April 8, 2010

CO2 Could Be Cause Of Near Death Experiences

Near death experiences (NDEs) witnessed by people during heart attacks, other catastrophic health issues, or potentially fatal accidents could just be the result of increased carbon dioxide levels in the blood, according to research published in the Critical Care journal.

Lead author Zalika Klemenc-Ketis and a team of researchers from the University of Maribor in Slovenia examined 52 patients (42 men, 10 women) who had suffered cardiac arrest, including 11 that had experienced "sensations such as life flashing before the eyes, feelings of peace and joy, and apparent encounters with mystical entities," according to an April 8 press release.

They discovered that CO2 levels of the 11 who reported near-death experiences were higher than those found in the blood of the 41 others. Furthermore, no correlation was found to exist in regards to the patients' sex, age, level of education, religious beliefs, recovery time, attitudes towards death, or drugs given during resuscitation.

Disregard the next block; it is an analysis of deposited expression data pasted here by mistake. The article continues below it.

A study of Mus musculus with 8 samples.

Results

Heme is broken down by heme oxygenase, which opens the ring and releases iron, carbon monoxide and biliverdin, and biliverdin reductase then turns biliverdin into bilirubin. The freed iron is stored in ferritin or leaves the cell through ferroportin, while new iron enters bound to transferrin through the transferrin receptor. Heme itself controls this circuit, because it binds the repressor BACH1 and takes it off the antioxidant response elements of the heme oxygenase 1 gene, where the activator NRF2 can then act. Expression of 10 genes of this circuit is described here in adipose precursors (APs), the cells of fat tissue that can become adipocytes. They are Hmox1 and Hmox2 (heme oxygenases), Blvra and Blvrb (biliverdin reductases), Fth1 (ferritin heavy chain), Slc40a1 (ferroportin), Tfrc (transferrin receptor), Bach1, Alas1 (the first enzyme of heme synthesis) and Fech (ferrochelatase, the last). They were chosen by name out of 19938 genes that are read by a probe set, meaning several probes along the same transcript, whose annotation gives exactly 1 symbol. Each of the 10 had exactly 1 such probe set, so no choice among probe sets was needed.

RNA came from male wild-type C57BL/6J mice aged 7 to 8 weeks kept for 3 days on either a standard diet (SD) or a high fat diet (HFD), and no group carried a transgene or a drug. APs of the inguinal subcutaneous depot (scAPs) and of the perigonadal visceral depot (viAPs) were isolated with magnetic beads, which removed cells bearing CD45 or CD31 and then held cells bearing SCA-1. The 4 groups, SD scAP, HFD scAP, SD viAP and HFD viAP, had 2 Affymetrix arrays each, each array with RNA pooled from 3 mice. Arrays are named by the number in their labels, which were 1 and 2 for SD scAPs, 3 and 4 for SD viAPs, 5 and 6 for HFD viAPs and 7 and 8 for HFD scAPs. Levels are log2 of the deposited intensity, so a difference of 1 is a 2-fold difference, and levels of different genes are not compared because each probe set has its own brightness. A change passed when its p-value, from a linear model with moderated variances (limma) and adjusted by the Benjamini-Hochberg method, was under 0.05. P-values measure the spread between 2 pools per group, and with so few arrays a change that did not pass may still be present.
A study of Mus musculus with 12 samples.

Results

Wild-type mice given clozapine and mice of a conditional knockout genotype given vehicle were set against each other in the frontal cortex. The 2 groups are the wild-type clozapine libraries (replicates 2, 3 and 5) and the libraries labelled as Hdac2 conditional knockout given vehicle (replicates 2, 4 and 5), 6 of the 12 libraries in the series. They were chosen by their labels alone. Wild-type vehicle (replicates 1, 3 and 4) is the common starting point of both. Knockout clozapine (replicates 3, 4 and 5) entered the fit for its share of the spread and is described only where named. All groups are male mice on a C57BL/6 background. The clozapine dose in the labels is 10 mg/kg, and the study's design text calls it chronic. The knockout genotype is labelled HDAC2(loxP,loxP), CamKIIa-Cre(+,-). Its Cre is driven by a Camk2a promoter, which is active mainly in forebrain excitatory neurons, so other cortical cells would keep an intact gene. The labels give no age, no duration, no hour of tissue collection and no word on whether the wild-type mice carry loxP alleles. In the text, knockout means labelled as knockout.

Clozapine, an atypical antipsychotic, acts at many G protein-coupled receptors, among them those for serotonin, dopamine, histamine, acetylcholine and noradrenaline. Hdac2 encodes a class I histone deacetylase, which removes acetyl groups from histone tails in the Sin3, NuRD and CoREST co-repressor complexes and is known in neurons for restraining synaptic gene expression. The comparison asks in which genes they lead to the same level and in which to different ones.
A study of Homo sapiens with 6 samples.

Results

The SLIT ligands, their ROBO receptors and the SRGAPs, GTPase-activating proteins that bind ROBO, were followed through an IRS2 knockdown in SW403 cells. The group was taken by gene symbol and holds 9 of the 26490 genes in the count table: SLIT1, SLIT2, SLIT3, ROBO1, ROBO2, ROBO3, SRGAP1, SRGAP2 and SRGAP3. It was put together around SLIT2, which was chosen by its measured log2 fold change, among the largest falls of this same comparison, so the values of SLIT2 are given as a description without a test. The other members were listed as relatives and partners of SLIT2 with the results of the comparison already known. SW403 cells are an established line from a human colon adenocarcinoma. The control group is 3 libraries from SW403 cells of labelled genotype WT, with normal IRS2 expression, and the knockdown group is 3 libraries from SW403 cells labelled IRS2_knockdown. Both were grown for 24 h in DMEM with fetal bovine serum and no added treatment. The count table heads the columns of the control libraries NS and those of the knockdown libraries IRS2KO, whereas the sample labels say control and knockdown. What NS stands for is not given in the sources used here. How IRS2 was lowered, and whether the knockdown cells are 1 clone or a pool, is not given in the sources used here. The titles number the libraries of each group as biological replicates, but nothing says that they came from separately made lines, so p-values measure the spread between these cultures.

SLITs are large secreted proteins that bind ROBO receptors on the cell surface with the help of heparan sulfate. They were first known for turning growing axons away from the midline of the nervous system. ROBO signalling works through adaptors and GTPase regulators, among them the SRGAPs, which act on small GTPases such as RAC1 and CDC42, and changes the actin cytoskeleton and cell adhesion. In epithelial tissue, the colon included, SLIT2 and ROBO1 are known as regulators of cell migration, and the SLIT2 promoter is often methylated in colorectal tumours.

"Several theories explaining the mechanisms of NDEs exist. We found that in those patients who experienced the phenomenon, blood carbon dioxide levels were significantly higher than in those who did not," Klemenc-Ketis said in the media statement. "Our study adds new and important information to the field of NDE phenomena. The association with carbon dioxide has never been reported before, and deserves further study."

In an interview with BBC News, cardiologist Dr. Pim van Lommel, also an expert in the field of near-death experiences, called the findings "interesting" but noted that the University of Maribor researchers "have not found a cause--merely an association. I think this is something that will remain one of the great mysteries of mankind. The tools scientists have are simply not sufficient to explain it."